When Arnaudville resident Kathryn Guillory enrolled in a health plan under the Affordable Care Act in January, she thought her insurance worries were over. Although she and her husband both work, buying health coverage with two children and a third on the way was costly. But enrolling in “Obamacare” wasn’t difficult, and the federal subsidy was a godsend.
But things went downhill quickly after Guillory’s son was born. One of the many glitches that plagued Healthcare.gov off and on throughout the last open-enrollment period resurfaced. Although some observers worry the website’s issues could hamper enrollment this time around, federal officials have said they are confident any remaining issues will be addressed.
For Guillory, the problems began in July. A day after giving birth, Guillory notified the Lumpkin Agency that she needed to add her son to the policy. Her agent went online to the federal Health Insurance Marketplace and made the change. The website showed Guillory’s application was complete. But two weeks later, when her agent checked with Blue Cross and Blue Shield of Louisiana, the company said the marketplace had not forwarded the information.
Three months and dozens of phone calls later, Guillory finally succeeded in adding her baby to the policy. But Guillory is still struggling to resolve the medical bills that piled up between her son’s birth and Nov. 1 when the baby’s coverage began.
“I worry about it constantly. It’s very stressful. It’s very frustrating,” Guillory said of the bills.
In order to get marketplace coverage retroactively, Guillory must file an appeal with the Centers for Medicare and Medicaid Services, even though it was the marketplace’s technical problems that prevented enrolling her son. There also is a chance her son could be covered through the Louisiana Children’s Health Insurance Program, a no-cost state plan for low- to moderate-income families.
Still, Guillory is luckier than some. Chae Mayes, a benefits specialist at Baton Rouge-based Lumpkin, is handling her coverage and has been since Guillory’s maternity leave ended and she returned to work.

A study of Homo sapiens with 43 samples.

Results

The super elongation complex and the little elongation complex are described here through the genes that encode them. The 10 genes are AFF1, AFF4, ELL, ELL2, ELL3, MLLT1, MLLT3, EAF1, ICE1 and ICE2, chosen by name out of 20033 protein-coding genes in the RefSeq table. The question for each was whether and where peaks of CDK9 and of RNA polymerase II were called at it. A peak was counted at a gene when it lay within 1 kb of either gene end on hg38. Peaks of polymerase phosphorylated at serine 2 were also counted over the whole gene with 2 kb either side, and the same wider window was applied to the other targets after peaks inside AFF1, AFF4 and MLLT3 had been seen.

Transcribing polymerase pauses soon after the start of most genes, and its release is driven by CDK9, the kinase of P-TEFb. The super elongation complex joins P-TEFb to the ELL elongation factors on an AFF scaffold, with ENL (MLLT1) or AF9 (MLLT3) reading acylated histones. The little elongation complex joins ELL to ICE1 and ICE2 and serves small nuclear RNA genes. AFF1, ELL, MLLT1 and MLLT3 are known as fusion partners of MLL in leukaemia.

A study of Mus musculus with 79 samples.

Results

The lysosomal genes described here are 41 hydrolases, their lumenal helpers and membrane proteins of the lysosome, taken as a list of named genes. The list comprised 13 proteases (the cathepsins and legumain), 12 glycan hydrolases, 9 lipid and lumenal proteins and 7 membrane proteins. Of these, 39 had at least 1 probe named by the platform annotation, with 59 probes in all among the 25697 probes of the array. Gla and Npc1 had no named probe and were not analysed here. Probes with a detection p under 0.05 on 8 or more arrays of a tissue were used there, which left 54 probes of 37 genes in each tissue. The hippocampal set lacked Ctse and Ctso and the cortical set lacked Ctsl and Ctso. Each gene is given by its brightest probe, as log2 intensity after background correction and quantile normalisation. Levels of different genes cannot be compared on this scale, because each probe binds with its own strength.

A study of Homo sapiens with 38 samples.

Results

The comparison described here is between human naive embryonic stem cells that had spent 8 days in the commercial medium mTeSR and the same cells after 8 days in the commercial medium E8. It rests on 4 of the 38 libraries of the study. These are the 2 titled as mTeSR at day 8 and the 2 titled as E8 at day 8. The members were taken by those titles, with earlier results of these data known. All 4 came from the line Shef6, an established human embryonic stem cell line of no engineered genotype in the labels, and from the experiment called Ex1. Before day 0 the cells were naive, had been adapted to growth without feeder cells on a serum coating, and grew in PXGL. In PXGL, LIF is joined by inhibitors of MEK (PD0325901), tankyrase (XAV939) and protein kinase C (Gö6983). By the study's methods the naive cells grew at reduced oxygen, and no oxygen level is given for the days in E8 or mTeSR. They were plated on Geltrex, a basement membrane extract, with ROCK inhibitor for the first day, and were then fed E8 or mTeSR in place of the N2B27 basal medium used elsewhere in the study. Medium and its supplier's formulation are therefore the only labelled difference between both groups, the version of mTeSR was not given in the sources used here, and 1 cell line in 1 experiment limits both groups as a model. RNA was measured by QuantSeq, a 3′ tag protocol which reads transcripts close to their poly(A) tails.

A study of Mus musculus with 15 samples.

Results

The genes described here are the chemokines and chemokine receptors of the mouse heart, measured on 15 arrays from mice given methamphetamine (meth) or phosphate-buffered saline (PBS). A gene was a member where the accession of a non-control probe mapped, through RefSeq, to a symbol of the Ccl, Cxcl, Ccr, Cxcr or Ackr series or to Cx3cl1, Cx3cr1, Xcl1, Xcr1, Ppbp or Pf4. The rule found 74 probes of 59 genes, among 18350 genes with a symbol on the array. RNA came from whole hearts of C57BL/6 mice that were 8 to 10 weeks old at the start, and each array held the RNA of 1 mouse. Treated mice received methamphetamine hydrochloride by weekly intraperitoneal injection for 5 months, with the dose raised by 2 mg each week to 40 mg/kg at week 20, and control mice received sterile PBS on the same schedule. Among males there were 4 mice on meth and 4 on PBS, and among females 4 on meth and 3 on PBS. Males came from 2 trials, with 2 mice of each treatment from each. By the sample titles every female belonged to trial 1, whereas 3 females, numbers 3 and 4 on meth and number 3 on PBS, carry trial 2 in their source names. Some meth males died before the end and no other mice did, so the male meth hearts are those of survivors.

Without Mayes and Lumpkin, Guillory never would have made it this far.
“I can’t handle it. I don’t have time. I work. I have three kids. It’s not like I can just stop what I’m doing, call them and stay on the phone for four hours at a time,” Guillory said.
Here are some of the steps marketplace representatives recommended to add Guillory’s baby to the policy:
- Add her income information to the application. When she did this, the marketplace website showed the application was complete. It was not.
- Apply for Medicaid coverage for the baby and be denied. Guillory already had been through this process in December because her family’s income was too high to qualify. It took roughly two weeks to obtain the Medicaid denial. The marketplace didn’t forward Guillory’s application to Blue Cross.
- Add her husband to the policy. The marketplace didn’t forward Guillory’s application to Blue Cross.
- Remove her husband from the policy. This time, the marketplace informed Guillory that she was no longer eligible for a subsidy.
“No one knew what they were talking about or what should be done and the procedures, because every time you called, you got a different answer,” Mayes said.
Mayes and Guillory estimate they called marketplace officials about three dozen times in an effort to straighten out the mess.
Each time they called Healthcare.gov officials, they had to repeat the entire application process, starting from scratch. This typically took 45 minutes to an hour.
“There was actually one night … I called the guy at 7 o’clock. I didn’t hang up until 12:45 that morning,” Guillory said.
The call lasted so long because Healthcare.gov kept having system errors. The same issue resulted in a four-hour call for Mayes.
“Let me tell you, I got so tired of hearing someone say, ‘The system won’t let me do this.’ The system doesn’t work,” Mayes said.
The problem is that the online marketplace doesn’t work like a normal insurance company, Mayes said. There’s no one to call who can overcome the software problems.
Guillory said the one good thing to have come out of the ordeal is that she and Mayes have become good friends, despite the fact that they’ve never met. Their contact has been by phone, texts and emails.
“I would love to put a face with the voice. I feel like I know her,” Guillory said.